IU Southeast education faculty Dr. James Hollenbeck to deliver lectures in China

4th May 2016
James Hollenbeck

Dr. James Hollenbeck will deliver lectures on American educational practices in China.

By Steven Krolak

(NEW ALBANY, Ind.)—Dr. James Hollenbeck, professor of science education at IU Southeast and Fulbright Research Chair to Canada this past fall, is on the road again, this time to China, where he will spend two weeks teaching Chinese students about American educational practices at the invitation of Chinese colleagues in the field.

“China is looking to modernize their educational system, and are very interested in learning how Americans teach,” Hollenbeck said.

Hollenbeck will present lectures at Shannxi Normal University, an institution of over 40,000 students known as the “Cradle of Teachers” in Northwest China due to its renowned programs for training teachers and educational administrators at the secondary and university levels.

The university is located in Xi’an, the first capital of China and home to the famed army of 8,000 life-sized terracotta warriors and hundreds of other figures buried with China’s first emperor, Qin Shi Huang in 209 BCE.

In these ancient surroundings, Hollenbeck will focus on topics of the future: common core, the application of problem-based learning, the flipped classroom and the evolution of education in the U.S., all topics that give insight into novel aspects of the American teaching and learning style that his Chinese counterparts are keen to explore.

“American schools are known for encouraging creativity and innovation, building and invention,” Hollenbeck said.

The visit stems from Hollenbeck’s association with Dr. Xiaoduan Chen, leading professor in the Department of Curriculum and Instruction at Shannxi, whom he met at a conference in London over a decade ago. The two scholars kept in touch over the years. Last summer, Chen visited the campus of IU Southeast, met Chancellor Dr. Ray Wallace and IU Southeast education faculty, spoke to IU Southeast classes about the history of Chinese science and technology, and spent the Fourth of July weekend as guests of Hollenbeck and his wife, gaining an in-depth acquaintance with American culture. He also toured area schools and met with several principals and community leaders.

From this fruitful experience arose the idea for Hollenbeck’s trip to Shannxi, and also the plan for a reciprocal visit of Shannxi graduate students to IU Southeast, potentially as early as the summer of 2017.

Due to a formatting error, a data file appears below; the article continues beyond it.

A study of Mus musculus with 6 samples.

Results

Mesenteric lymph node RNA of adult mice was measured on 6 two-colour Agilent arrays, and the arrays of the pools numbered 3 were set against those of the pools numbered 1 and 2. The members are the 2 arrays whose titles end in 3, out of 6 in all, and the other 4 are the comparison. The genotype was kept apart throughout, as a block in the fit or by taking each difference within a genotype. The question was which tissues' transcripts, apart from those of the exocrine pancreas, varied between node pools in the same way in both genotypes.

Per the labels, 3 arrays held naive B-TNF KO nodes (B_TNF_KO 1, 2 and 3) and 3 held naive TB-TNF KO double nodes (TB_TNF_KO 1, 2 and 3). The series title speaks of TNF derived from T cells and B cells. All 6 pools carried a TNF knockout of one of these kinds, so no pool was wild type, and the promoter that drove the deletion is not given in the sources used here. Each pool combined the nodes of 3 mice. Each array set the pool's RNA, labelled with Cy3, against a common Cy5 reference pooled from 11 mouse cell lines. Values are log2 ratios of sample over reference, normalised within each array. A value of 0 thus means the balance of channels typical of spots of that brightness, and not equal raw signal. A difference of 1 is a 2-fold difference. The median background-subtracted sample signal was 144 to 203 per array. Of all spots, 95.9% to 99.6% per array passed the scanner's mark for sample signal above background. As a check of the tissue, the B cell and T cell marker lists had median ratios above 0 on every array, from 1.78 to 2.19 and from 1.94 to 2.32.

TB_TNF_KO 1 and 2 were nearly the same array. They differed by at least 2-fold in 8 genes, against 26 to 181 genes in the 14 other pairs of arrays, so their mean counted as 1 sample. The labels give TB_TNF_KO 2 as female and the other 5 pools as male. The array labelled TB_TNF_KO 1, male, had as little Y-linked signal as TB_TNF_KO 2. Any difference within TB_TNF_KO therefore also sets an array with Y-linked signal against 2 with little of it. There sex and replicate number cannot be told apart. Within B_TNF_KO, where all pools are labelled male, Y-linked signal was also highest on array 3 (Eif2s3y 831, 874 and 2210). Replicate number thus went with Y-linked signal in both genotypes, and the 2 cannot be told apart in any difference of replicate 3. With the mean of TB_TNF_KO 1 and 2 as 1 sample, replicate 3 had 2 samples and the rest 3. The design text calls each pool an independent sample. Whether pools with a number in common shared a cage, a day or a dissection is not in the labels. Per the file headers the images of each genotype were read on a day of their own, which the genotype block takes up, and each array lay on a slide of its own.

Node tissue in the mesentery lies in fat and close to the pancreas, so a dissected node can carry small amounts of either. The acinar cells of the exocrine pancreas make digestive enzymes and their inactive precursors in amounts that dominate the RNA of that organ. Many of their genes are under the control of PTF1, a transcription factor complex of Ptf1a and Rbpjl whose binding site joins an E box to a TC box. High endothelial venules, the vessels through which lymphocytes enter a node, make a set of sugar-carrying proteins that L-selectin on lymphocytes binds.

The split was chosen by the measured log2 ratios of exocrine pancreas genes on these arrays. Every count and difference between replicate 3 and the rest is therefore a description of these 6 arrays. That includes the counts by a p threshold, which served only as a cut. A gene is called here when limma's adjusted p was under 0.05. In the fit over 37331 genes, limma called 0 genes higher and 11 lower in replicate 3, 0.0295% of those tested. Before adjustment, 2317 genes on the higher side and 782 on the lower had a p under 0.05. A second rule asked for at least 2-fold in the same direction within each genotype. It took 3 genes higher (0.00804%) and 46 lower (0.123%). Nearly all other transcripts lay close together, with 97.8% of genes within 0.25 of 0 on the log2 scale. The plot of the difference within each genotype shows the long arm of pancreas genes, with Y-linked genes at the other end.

“They will take arranged classes, visit Indiana schools, tour Indianapolis, Louisville and Chicago, and see a good cross-section of American life,” Hollenbeck said.

According to Hollenbeck, his Chinese colleagues are fascinated by aspects of the U.S education system that make this country truly unique. Among these are local control of education, an anomaly in a world of nations with centralized education ministries. Also, the ability of the American educational system to nurture a single national identity within a population of dizzying ethnic diversity and divergent backgrounds fascinates educator colleagues from a society, China, that also boasts many cultures and many languages.

“We’re a nation built on a philosophical basis,” Hollenbeck said. “To a certain degree, the Chinese are still in the process of building their nation as one China.”

Hollenbeck will be in China for 16 days. During that time, he will not only lecture, but visit officials in Beijing, tour classrooms and work with Shannxi faculty colleagues on a joint research project on the integration of critical problem solving into education.

“I’m hoping to introduce American educational processes and why our system works, and also to learn what makes Chinese education unique,” he said. “I’m hoping to bring back from them as much as I give.”

Hollenbeck sees this growing partnership between IU Southeast and Shannxi Normal University as natural, given the reputation of both institutions for producing quality educators. He also sees it as a unique opportunity for collaboration in research and student exchanges in both directions.

“The possibilities are rich for both universities,” he said.